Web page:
Scholar

Dietary Sufficiency in Mineral Contribution from African Yam Beans and Soya Beans Consumed in Southern Nigeria

By: Onot Obono Ekpe   Emmanuel E. Duke Okon   Echefu Madugba  

Some of our ancestors’ foods are noticeably lacking in modern diets and the human biology has not evolved significantly different ( Broadhurst ,1994).Speculation is that, plethora of diet related disorders and / or non- communicable diseases could be linked to human gastrointestinal track evolutionary factors. Despite efficacy of supplements in treating degenerative diseases, minerals are often absorbed more efficiently by the body if supplied in foods rather than as supplements ( British Nutrition Foundation 2015). Consequently, data driven promotion of minerals contribution from legumes using African yam beans, an indigenous crop that was in our ancestor’s food,threaten with extinction ( Porter 1992,267–275; Amoatey et al. 2000, 53–60) can foster nutrition security. The specific challenge is to generate data on African yam beans mineral contribution in the dietary vis-a-vis the nutritionally dense soya beans. About 3g of each were oven dried at 110O C and samples reduced to 2µm diameter by crushing. Further pulverised because of inhomogeneity of samples and transferred to the sample compartment of an X-Ray Fluorescence (XRF) SpectroXepos model 03STD Gas serial Spectro-11001700, mixer mill MM400. They were then screened for their elemental composition. Results were calculated automatically as the necessary sample details were computed in the software. Fifty one ( 51) elements were quantified in each sample. Twenty five (25) in their free- state and twenty six (26) existed as oxides. These oxides, 16 were minerals and those in their free state, 7 were minerals. Therefore 23 minerals were obtained from AYB. Soya beans had same complement of predominant elements (≥ 100ppm) and both contained all known essential minerals. Elements in trace amount (≤ 20ppm) for soya beans were at micro-levels (≤100ppm) in AYB, except for silicon, which was significantly high in AYB to about (189.4ppm). Corollary, the naturally highly reactive chlorine and barium, were detected in their free states. Sodium was not detected. X-Ray Fluorescence Spectrometry analytical method gave a total profiling of all elements present in samples, thus total mineral composition of African yam beans as a legumes can indeed be resource-efficient in mineral contribution to the diet and highly economical food sources of minerals.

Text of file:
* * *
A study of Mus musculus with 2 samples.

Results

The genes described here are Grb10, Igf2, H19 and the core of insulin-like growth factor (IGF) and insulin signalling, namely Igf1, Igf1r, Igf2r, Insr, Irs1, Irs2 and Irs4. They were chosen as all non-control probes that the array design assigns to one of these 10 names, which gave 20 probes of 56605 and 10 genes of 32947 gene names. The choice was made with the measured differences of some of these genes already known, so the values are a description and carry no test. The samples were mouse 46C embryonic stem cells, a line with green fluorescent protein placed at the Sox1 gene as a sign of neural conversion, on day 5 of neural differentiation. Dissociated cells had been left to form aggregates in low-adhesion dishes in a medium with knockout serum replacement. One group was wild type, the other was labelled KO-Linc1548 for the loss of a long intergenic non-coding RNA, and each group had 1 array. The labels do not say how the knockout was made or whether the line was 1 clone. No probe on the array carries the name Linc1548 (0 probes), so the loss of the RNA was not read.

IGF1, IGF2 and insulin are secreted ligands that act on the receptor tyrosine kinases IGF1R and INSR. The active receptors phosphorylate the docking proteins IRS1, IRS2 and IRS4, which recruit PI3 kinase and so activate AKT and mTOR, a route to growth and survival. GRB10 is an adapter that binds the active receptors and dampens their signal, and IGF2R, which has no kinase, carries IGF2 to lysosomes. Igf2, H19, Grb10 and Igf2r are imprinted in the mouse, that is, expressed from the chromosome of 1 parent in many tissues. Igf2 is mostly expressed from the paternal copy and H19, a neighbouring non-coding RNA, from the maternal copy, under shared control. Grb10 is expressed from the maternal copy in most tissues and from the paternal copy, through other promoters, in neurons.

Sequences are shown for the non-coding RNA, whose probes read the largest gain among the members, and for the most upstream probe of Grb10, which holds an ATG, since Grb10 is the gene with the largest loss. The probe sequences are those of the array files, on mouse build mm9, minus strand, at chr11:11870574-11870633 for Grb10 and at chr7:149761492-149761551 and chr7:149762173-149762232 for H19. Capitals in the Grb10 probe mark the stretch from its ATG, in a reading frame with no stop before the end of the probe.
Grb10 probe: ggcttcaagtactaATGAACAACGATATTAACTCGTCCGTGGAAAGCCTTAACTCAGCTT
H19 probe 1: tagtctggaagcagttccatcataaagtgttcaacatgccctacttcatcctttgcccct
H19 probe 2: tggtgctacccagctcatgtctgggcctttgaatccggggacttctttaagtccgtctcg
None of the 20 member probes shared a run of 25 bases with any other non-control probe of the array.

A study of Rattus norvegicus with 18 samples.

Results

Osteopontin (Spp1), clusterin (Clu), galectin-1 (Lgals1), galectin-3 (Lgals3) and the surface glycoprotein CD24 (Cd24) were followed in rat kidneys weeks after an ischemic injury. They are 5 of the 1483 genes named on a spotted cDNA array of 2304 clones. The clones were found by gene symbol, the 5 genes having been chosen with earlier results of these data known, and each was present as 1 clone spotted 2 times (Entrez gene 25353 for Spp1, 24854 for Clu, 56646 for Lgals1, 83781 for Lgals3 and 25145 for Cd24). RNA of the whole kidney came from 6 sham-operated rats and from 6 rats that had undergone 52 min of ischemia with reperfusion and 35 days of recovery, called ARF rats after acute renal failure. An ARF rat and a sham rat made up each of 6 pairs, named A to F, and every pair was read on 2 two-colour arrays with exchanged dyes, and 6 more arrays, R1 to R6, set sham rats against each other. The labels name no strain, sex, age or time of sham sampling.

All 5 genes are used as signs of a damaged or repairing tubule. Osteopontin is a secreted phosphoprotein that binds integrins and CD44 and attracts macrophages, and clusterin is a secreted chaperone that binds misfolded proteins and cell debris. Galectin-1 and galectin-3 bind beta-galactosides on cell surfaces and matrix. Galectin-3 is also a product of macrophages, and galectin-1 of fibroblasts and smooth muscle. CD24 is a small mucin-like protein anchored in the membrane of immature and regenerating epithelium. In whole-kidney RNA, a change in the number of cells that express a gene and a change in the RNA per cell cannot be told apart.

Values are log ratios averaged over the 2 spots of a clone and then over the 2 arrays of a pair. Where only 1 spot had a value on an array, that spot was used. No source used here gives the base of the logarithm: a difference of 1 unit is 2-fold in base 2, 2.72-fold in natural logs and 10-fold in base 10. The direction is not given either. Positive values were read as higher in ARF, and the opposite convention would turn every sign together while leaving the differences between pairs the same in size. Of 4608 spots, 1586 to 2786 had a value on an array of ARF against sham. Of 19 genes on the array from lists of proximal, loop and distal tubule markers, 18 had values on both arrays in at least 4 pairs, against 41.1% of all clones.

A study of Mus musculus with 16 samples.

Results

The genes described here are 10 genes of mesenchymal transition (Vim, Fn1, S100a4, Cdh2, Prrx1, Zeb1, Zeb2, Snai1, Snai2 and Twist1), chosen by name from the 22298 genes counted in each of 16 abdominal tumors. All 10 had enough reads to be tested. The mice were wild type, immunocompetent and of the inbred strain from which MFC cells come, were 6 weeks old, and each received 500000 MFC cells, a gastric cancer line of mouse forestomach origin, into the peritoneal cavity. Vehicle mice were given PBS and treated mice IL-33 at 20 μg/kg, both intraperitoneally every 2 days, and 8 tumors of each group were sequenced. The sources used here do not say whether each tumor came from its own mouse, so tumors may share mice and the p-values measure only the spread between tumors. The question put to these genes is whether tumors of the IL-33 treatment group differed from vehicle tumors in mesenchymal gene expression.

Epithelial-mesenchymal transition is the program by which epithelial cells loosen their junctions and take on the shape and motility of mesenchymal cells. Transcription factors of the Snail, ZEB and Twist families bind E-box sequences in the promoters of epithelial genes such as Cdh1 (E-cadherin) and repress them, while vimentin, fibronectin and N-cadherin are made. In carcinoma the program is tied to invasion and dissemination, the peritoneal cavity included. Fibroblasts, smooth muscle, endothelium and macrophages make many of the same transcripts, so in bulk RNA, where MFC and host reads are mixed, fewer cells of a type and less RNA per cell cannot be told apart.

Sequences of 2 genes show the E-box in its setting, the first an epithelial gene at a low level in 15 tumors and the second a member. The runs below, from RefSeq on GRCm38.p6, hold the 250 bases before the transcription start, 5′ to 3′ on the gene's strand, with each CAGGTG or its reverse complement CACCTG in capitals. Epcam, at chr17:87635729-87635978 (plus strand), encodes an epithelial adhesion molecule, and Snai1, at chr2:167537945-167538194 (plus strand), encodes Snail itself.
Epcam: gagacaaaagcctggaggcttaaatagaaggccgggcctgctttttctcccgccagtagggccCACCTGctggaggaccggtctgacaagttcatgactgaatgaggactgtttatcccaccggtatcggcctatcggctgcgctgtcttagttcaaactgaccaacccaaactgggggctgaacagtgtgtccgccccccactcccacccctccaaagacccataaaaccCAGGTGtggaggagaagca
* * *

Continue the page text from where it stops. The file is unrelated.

"Minerals profiling", "", " Sphenostylis stenocarpa", "", " Glycin sp"
Food, Nutrition, and Health
Paper Presentation in a Themed Session



Dr. Onot Obono Ekpe

Lecturer at the university of Calabar involved in teaching and research. I hold a BSc in chemistry and a PhD in nutrition and food science. Major area of research interest is in food science with emphasis on agricultural food. Human nutrition is minor specialty. There's a lot of work done based on consultancy on quality assessment on consumables.


Dr Emmanuel E. Duke Okon

My work is teaching and research with a background in inorganic chemistry. Research interest is bio-inorganic, coordination and kinetic chemistry. Also, an inventor in quantum therapy.


Mr Echefu Madugba

Manager in-charge of laboratory services.